Animal attraction leads scientist to track viral outbreaks among raccoons

Patty Pesavento ’83 admittedly does not fit the pathologist’s image as portrayed on CSI, where, as she says, “all pathologists are tall, good looking, in high heels with nice nails, and always coming back from an opera. That’s not part of my job. I’m in rubber boots and overalls.”

At the University of California–Davis School of Veterinary Medicine, Pesavento labors to unlock the key to a virus that is striking the masked marauders of Marin County—raccoons.

Pesavento leads a six-person team that has been “working our bushy little tails off” for the last two years to decipher why 17 raccoons from one area of California have a rare frontal-lobe brain tumor.

“We’re asking, ‘What capacity do these viruses [such as MERs and SARS] have?’ Animals are exposed to all the things we are. The more we understand about what the virus is doing in raccoons and how intractable the problem is, the more relevant it is for human medicine.”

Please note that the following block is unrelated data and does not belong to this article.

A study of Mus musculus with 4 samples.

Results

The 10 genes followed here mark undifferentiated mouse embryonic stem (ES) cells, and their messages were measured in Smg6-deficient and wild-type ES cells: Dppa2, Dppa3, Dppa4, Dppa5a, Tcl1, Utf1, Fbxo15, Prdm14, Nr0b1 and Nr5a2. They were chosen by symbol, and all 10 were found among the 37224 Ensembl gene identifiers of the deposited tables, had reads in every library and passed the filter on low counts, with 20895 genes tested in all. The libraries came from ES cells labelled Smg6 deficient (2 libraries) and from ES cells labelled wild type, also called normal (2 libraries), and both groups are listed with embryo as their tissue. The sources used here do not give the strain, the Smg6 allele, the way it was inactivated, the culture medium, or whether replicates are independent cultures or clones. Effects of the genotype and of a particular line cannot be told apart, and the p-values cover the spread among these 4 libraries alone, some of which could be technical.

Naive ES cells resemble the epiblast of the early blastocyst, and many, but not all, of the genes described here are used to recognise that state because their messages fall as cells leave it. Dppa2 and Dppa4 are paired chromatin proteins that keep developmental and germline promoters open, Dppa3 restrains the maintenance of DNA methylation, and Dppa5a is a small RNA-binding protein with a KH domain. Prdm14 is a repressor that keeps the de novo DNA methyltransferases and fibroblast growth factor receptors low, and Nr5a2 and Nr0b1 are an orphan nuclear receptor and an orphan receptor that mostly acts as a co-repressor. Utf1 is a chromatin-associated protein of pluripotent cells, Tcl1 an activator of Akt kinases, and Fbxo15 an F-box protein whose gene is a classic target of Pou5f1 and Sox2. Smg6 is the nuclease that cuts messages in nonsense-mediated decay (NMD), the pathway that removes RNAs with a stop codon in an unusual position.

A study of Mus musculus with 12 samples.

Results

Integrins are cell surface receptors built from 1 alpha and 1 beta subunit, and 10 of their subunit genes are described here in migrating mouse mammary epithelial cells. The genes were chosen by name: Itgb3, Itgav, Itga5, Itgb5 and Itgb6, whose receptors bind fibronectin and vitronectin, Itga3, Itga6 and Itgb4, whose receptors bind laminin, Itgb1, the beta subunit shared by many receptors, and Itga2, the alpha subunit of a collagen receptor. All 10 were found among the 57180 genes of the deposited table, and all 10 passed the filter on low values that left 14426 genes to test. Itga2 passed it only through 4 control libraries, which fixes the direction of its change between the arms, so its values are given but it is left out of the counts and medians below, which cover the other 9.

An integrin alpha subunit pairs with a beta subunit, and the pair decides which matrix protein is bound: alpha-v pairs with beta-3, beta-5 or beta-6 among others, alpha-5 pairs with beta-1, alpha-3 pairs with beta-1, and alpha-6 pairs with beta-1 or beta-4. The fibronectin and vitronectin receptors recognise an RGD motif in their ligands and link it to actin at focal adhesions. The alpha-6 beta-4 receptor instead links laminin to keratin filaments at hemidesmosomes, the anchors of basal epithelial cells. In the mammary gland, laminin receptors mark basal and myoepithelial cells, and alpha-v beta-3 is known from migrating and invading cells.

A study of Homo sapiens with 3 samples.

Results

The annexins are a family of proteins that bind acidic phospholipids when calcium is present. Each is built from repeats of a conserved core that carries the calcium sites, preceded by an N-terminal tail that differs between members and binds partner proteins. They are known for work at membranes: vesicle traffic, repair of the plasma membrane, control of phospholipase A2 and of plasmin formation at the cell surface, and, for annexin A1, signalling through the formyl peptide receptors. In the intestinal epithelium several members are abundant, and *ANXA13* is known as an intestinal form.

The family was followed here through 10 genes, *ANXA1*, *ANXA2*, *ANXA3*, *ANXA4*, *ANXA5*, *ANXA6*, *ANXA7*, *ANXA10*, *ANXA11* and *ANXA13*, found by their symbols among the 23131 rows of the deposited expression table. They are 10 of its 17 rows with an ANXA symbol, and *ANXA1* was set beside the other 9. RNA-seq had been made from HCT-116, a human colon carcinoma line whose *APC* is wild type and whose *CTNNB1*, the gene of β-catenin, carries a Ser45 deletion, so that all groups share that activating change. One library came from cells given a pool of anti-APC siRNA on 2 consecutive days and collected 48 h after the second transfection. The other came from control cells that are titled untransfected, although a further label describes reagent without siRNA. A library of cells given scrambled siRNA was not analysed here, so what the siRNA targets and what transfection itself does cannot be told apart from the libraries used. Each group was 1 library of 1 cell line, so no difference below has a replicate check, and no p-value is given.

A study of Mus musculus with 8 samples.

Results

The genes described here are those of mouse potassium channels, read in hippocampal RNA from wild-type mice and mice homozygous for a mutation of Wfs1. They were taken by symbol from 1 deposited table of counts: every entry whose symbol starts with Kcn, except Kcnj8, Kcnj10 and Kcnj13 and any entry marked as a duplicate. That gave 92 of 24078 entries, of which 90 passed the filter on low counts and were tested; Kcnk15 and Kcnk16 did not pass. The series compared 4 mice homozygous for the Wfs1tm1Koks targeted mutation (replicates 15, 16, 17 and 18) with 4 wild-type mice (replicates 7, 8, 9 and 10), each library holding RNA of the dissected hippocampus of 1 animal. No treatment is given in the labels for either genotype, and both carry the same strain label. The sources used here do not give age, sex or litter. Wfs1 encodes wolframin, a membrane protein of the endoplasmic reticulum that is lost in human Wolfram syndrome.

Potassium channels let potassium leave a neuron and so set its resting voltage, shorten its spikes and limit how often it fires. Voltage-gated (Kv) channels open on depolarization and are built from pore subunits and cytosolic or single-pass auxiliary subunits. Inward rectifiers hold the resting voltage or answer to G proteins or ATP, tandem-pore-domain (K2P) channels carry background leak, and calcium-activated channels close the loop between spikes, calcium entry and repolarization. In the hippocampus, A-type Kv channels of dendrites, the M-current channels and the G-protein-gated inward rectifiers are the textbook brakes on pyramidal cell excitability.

Pesavento took a circuitous, paw-printed track to anatomical pathology—from post-Swarthmore studies in Chile, lab work at the National Institutes of Health, and graduate work in cell and molecular development biology at Harvard before vet school at UC–Davis. “Everything is relevant—that’s what the liberal arts is about,” she says. 

Despite her rampant curiosity about everything, she says, “When I was introduced to pathology for the first time, I was done. This is life. This is awesome. I get to satisfy my curiosity daily.”

In her job, which is 70 percent research, 30 percent teaching and service, Pesavento has examined everything from emus to elephants. “I do a lot of wildlife medicine, but I roll with whatever appears at our door.”